If President Barack Obama was serious about saving and creating jobs, he would have done something to save the jobs at Aero Union.
He didnt lift a finger. In fact, he pulled the trigger, killing the air tanker firm and making Colorados Waldo Canyon fire worse in the process.
More than 18,000 acres of forest were destroyed; 350 homes were raised; septuagenarians William and Barbara Everett were killed; and area streams were polluted by fire-related ash, debris and soil runoff.
Last year, the U.S. Forest Service abruptly canceled its contract for six of Aero Unions air tankers. This left the Forest Service short of tankers just as last years fire season was getting under way. Only a few weeks later, fires swept through Texas burning 100,000 acres and leaving four dead.
The administration apparently learned nothing from the tragedy. In the intervening year, it did little to address its tanker shortage, and Colorado paid the price for it.
The administration says it canceled the contract due to aircraft safety concerns. That doesnt explain why it dithered in replacing the aircraft. But something else may: Obamas allegiance to his green allies.
Environmentalists have long opposed the use of slurry, the fire retardant dropped from air tankers, due to its potential for polluting streams.
After an accidental drop of slurry into Oregons Fall River in 2002 and a subsequent environmentalist lawsuit, the Forest Service issued new rules barring drops of retardants within 300 feet of waterways except when fire threatens human life and property.
Make no mistake: The rule inhibits firefighters ability to control blazes. Think about a football defensive line that isnt allowed to do anything until the opposing team reaches the 5-yard line and you get the idea.
Now the agency is implementing even more stringent regulations prohibiting drops within 600 feet of waterways. Little wonder it was in no hurry to line up replacement tankers.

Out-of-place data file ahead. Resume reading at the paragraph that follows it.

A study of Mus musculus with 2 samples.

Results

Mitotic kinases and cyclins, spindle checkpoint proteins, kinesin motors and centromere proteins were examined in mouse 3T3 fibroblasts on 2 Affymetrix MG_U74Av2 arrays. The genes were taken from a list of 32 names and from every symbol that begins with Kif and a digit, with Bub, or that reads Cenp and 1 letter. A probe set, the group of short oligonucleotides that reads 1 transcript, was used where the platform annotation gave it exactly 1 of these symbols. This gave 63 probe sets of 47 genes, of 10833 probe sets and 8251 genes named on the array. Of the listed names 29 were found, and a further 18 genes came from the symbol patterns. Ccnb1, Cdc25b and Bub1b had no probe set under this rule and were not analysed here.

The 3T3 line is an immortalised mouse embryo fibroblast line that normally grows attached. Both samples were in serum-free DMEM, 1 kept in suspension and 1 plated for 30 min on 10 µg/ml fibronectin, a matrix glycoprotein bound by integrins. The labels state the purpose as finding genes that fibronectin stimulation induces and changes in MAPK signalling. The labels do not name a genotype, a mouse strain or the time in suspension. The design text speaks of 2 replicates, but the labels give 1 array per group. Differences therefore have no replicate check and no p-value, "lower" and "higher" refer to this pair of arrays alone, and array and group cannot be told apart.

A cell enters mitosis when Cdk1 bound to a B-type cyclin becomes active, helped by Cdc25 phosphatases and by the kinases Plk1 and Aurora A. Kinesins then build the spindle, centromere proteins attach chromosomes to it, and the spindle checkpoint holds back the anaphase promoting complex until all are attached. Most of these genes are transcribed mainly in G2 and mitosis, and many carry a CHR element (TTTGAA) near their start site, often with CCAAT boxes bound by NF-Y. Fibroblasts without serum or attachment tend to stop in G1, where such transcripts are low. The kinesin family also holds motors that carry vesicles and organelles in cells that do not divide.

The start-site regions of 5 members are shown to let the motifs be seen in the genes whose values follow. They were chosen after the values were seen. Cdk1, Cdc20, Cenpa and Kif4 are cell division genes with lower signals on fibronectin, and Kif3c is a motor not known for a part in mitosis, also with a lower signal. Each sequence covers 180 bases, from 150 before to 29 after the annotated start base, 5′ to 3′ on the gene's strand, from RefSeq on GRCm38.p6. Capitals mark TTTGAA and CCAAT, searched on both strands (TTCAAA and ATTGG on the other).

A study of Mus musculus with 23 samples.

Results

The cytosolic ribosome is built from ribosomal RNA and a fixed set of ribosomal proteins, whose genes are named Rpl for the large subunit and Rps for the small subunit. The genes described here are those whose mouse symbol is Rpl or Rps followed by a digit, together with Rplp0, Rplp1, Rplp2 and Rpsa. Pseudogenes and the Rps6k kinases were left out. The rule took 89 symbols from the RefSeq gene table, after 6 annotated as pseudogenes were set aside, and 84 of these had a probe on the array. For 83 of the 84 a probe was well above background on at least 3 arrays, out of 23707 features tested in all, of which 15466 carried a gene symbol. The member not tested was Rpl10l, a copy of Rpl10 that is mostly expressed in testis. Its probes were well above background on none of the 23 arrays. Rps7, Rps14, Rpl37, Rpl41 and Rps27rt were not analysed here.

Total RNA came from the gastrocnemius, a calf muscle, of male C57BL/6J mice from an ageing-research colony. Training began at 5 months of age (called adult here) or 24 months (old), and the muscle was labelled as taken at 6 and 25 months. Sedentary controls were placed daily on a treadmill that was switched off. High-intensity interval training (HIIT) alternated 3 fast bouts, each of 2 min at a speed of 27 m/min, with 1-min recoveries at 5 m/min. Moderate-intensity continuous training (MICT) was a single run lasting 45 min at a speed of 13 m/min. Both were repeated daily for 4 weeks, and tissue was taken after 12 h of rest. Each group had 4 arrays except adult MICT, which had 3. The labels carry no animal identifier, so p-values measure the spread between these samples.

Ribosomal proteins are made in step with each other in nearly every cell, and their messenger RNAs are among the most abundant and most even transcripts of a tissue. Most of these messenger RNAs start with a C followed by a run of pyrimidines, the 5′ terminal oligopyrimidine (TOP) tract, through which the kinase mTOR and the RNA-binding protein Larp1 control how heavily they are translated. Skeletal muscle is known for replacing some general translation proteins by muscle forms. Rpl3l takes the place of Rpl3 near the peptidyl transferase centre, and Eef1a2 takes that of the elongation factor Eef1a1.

Hampering fire control efforts is only one way federal policy driven by greens contributes to wildfires.
One of the main culprits for the Colorado fires is believed to be pine beetles. The beetles carry a blue stain fungus that pulls moisture from trees. In sufficient numbers, these insects can cause whole forests to die of dehydration, creating a tinderbox.
What forests are most susceptible to beetle infestations? According to the Forest Service, they are forests with large-diameter trees and dense stands. Environmentalists have blocked logging operations that could thin these stands at every turn.
In 2003, the General Accounting Office estimated that 190 million acres of federal land were at high risk of wildfire due to excess fuels buildup in forests.
Environmentalists claim that our federal fire suppression efforts are responsible for much of the fuel buildup and they arent entirely wrong.
Thanks partly to effective suppression methods, the average number of acres burned annually dropped from 38 million acres in the 1930s to about 3 million acres in the 1980s. By the 1990s, wildfires started to increase again and in the last decade claimed an average of 6.9 million acres annually.
The answer to this problem isnt to stop suppressing fires, as some environmentalists suggest. Even if we were willing to risk lives and property by taking the let it burn approach and rational people are not the fuel load today is so great that this would produce catastrophic fires, fires so intense that they would cook the soil and destroy whole ecosystems.
The answer is to reduce the fuel load through thinning of trees followed by forest management using prescribed burns, logging and other measures that could restore forests to their historic states.
This wouldnt just save and create jobs, as Obama says he wants to do. It would also save and create healthy forests.
David A. Ridenour is president of the National Center for Public Policy Research ( www.nationalcenter.org). Write to him at NCPPR, 501 Capitol Court NE, Washington, DC 20006.